Breeding for Color
By Patrick Shannahan

April 9th, 2014

Let me first say that I don't dislike Border Collies that are not traditionally marked or colored.   I dislike the breeding of Border Collies being for color or physical traits that are not beneficial to the long term of a working breed.

This all started last week when I was contemplating getting off a Facebook page that sold Border Collies for various venues.   Some are listed for work dogs, others for agility, or obedience.  Nearly every time a post came up from that particular page that week, it had to do with puppies being sold because of their color.

This led me to start a started a conversation with an individual who had posted to that  Facebook page that they were looking for a rare color to become their next dog.   They said the color was important, but also they wanted a good temperament.  My conversation didn't last long, as  is usually the case in these matters, as the person didn't want to hear what I was I saying or didn't want to believe what is true.

Border Collies have been very lucky as a breed  in that the standard for most of our breeding has come down to talented work dogs.     Those with the most talent, were bred the most often.     Until recently, those without much talent, or not physically able to handle work,  were unlikely to enter the gene pool.  With that history, we are fortunate to have dogs with talent to work and relatively few physical problems.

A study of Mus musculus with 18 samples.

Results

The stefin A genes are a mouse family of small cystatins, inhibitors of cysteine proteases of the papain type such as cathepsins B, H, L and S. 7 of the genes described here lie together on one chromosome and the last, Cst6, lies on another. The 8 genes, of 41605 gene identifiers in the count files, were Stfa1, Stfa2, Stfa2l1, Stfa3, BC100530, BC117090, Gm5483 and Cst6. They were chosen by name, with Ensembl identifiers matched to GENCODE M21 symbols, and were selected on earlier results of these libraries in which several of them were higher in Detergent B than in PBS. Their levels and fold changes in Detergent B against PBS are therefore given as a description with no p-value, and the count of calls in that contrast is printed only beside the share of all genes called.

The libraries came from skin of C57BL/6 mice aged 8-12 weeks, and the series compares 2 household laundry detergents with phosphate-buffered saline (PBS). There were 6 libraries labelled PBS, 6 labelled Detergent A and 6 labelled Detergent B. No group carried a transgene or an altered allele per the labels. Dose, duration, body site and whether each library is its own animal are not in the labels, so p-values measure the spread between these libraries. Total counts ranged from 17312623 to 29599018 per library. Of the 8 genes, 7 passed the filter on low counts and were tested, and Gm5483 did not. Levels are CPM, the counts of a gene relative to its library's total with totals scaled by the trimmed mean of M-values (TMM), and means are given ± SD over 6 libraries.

So, back to my conversation on the Facebook page.   I tried to explain that by limiting her choices to such a rare color in our breed,  she was unlikely to get the best dog possible.   And although she wanted a dog with a great temperament as well as color,  she thought there were no negatives associated with color.

Breeding dogs with recessive genes together to express the recessive trait, is not a good choice.     This has been proven in many species of animals, including horses, cows, cats, etc. Anytime you breed  uncommon recessive genes together, you are pulling from such a small gene pool that you are likely to expose other harmful genes that are exposed through that colored gene.    A dilute or merle gene is even more dangerous.

Most people have not given thought to why our breed looks the way it does.  It wasn't because  breeders or shepherds thought it would be really cool to have a dog that is mostly dark with some white points,  it is because those dogs with the traditional markings moved the sheep and cattle with the proper authority.  Too dark, and they might startle the sheep at a trial, too light or white, they might not have enough presence to move stock that is not accustom to them.

But in our gene pool there are dogs that have different recessive colors.  When two dogs have the recessive gene, some of the pups may be colored with the recessive gene.  I have no problem with that, but only when the two dogs are mated to produce the best dog in mind.  I have a huge problem with breeders thinking that color does not change how stock is affected by our breed,  or that color is desirable  for marketing purposes.

Through my webpage, I get a few requests looking for puppies.  Sometimes, they are looking for a particular color.  I try to explain why this is a poor idea, and that I know of no serious Border Collie breeder that is breeding for color.  Some individuals understand, others like on the Facebook page, don't want to understand.  They want their idea of what a Border Collie can look like.

Whether you are looking for the best sheepdog, cowdog,  or sport's dog, you should look for qualities that will enhance their work and performance.  Color enhances nothing but appearance.  Pick the best dog....not the color.